Legendary Mission Mayoral candidate Chicken John Rinaldi takes on Tania Katan, Chris Colin and Ali Liebegott in this month’s Literary Death Match. Surprised to hear that Chicken John has a literary bent to his peculiar brand of sanity in a mad age? I went to his website to check out his writings. The only piece was this, under the title Not Found: “Sorry, but you are looking for something that isn’t here.” Perfect! Tania, Chris, Ali — watch out: this guy’s got literary weapons you’ve never dreamed of.
p.s. what would the MUNI crisis look like if Chicken John were in office?
6 A.M. 46 ° F.
The Mission Today
Art and Revolution Return to the Mission
If only for one night — tonight — one night only! The show is Defiant Proclamations at CELLspace Gallery from 7 to Midnight. Dedicated to the vision and the work of local/radical/artist/anarchist outsiders (outside not only mainstream society but outside of any left or labor organization as well, maybe even outside anarchism), the exhibit will feature “works old and new, giving a glimpse of the broad range of opinions and styles that have papered walls across the area.” Free!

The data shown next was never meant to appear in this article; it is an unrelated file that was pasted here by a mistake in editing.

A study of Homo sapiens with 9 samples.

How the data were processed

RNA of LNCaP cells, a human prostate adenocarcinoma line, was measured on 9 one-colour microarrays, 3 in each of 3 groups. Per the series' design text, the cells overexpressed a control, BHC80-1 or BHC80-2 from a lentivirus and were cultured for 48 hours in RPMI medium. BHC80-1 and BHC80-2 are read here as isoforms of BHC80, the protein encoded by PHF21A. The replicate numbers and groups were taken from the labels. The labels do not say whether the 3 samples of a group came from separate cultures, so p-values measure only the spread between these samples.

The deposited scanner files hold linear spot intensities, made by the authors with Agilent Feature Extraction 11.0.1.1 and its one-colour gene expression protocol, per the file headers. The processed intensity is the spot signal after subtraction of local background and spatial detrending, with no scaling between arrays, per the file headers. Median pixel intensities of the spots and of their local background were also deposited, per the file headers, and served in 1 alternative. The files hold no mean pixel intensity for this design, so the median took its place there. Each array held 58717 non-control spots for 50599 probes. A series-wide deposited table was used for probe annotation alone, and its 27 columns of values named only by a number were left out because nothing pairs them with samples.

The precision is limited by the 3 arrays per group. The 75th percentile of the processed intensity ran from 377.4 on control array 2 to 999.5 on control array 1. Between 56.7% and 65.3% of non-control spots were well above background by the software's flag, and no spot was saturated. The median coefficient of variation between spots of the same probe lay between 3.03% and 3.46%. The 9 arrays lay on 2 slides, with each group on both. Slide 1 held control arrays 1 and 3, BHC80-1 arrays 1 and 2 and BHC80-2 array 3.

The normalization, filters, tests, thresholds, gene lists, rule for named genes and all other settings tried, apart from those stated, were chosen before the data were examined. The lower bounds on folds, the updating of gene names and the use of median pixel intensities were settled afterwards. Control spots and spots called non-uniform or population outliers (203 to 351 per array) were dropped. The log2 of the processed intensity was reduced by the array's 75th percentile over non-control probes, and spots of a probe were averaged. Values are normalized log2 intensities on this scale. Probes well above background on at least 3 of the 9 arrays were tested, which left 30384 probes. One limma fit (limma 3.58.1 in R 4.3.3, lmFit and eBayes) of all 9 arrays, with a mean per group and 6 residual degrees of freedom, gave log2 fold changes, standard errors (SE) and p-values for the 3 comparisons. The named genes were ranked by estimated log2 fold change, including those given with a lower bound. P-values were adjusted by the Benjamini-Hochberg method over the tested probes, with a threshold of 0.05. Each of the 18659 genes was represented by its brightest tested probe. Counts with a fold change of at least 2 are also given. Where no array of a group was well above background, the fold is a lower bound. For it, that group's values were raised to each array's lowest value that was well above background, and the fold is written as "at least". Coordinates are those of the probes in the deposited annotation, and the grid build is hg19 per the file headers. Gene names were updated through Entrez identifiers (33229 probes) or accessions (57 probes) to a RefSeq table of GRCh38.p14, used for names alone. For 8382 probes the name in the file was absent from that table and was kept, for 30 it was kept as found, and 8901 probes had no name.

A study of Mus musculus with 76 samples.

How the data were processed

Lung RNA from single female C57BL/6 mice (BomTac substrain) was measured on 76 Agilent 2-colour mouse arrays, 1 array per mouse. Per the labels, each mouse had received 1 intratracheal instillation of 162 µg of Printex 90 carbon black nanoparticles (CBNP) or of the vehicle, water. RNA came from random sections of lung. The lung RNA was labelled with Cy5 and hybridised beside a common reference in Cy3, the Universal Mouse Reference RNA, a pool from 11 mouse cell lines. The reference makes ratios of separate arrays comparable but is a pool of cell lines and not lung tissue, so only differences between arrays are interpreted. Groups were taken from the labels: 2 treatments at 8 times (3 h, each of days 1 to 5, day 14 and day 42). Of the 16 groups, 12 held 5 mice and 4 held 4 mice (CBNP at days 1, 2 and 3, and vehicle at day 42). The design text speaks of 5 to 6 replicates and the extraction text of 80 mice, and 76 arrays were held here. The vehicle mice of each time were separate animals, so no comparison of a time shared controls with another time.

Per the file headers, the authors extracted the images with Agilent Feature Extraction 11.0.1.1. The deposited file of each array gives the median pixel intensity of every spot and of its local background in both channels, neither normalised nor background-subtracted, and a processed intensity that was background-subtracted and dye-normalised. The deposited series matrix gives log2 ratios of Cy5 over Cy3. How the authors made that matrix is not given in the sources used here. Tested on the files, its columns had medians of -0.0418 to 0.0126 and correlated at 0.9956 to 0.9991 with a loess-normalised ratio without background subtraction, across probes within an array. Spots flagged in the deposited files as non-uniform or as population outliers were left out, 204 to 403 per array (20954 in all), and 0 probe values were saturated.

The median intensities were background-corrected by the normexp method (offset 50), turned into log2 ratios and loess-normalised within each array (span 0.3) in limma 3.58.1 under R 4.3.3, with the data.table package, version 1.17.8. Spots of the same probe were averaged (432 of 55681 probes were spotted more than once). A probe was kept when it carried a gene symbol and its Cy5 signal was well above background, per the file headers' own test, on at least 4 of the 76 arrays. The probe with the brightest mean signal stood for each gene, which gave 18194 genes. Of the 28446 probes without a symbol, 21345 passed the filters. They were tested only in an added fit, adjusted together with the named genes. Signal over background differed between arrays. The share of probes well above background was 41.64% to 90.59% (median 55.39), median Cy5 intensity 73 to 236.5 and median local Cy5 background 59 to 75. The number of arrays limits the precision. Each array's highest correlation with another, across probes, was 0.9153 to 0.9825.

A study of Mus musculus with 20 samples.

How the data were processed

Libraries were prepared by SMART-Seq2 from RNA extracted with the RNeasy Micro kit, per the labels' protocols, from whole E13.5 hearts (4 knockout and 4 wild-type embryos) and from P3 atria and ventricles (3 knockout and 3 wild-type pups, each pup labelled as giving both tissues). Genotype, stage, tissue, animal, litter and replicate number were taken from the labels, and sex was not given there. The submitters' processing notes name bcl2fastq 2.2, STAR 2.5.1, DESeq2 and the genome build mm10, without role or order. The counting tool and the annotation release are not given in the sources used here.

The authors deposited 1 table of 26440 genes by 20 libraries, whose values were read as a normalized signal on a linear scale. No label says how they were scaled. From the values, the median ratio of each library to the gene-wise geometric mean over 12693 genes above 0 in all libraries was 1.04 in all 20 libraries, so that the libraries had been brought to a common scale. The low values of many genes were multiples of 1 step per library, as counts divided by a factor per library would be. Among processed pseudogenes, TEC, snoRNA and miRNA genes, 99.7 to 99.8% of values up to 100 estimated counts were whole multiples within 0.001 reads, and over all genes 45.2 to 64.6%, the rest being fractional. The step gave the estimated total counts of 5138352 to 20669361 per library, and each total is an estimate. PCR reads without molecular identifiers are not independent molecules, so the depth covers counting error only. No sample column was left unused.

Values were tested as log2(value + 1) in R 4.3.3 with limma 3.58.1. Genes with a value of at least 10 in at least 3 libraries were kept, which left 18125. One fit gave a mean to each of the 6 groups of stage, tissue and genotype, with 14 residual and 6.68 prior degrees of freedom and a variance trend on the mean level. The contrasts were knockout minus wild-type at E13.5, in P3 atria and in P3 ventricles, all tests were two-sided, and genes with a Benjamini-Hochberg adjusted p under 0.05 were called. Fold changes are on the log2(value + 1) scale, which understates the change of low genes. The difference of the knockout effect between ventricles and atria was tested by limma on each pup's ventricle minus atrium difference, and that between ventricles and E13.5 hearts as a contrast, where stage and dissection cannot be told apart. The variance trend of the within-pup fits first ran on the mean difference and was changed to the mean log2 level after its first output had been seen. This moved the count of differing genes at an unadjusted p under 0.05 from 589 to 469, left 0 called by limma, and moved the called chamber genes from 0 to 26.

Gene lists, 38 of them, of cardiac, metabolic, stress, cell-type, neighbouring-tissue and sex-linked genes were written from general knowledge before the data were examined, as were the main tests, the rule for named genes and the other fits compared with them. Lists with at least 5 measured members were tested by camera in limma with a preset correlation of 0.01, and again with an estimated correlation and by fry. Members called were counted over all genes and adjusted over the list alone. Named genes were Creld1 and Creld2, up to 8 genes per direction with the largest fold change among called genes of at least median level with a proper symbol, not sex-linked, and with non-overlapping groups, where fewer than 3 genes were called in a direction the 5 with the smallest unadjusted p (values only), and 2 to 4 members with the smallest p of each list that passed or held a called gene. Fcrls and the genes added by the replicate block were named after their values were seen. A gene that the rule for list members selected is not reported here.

The Up Side of Fee Increases and Service Cuts
No, not revenue. Michael Rhodes at SFStreetsblog wonders if the MUNI fee hikes and route cuts aren’t pushing more people to ride bikes. He’s got some anecdotal evidence this may be happening. And if it is, this will help: Bike Shop Girl reports that Google Maps now shows biking trails and friendly streets. Especially needed, she sez, in towns like SF.
“I am a man from this area”
This simple but intense (hyper-local) expression of place is something said to be a distinguishing characteristic of Kyogen, a classical Japanese form of comedy with similarities to Commedia Dell’Arte. To celebrate it’s fourth decade, our local Japanese theater, Theater Yugen, invites its neighbors to a House Warming this weekend: two Kyogen plays followed by a sake toast, and on Friday night, a blessing.
St. Patrick’s Days in San Francisco
Attention Historians. Local archeology reveals that below its “rich Latino tradition”, the Mission was home to a “rich Irish tradition.” Most current Missionites don’t go back that far (never really get much further than a pint of Guiness), but the Irish formed for a long time the backbone of San Francisco’s working class. Tonight, as part of the 2010 Crossroads Irish-American Festival, a discussion about the Irish as public workers in San Francisco.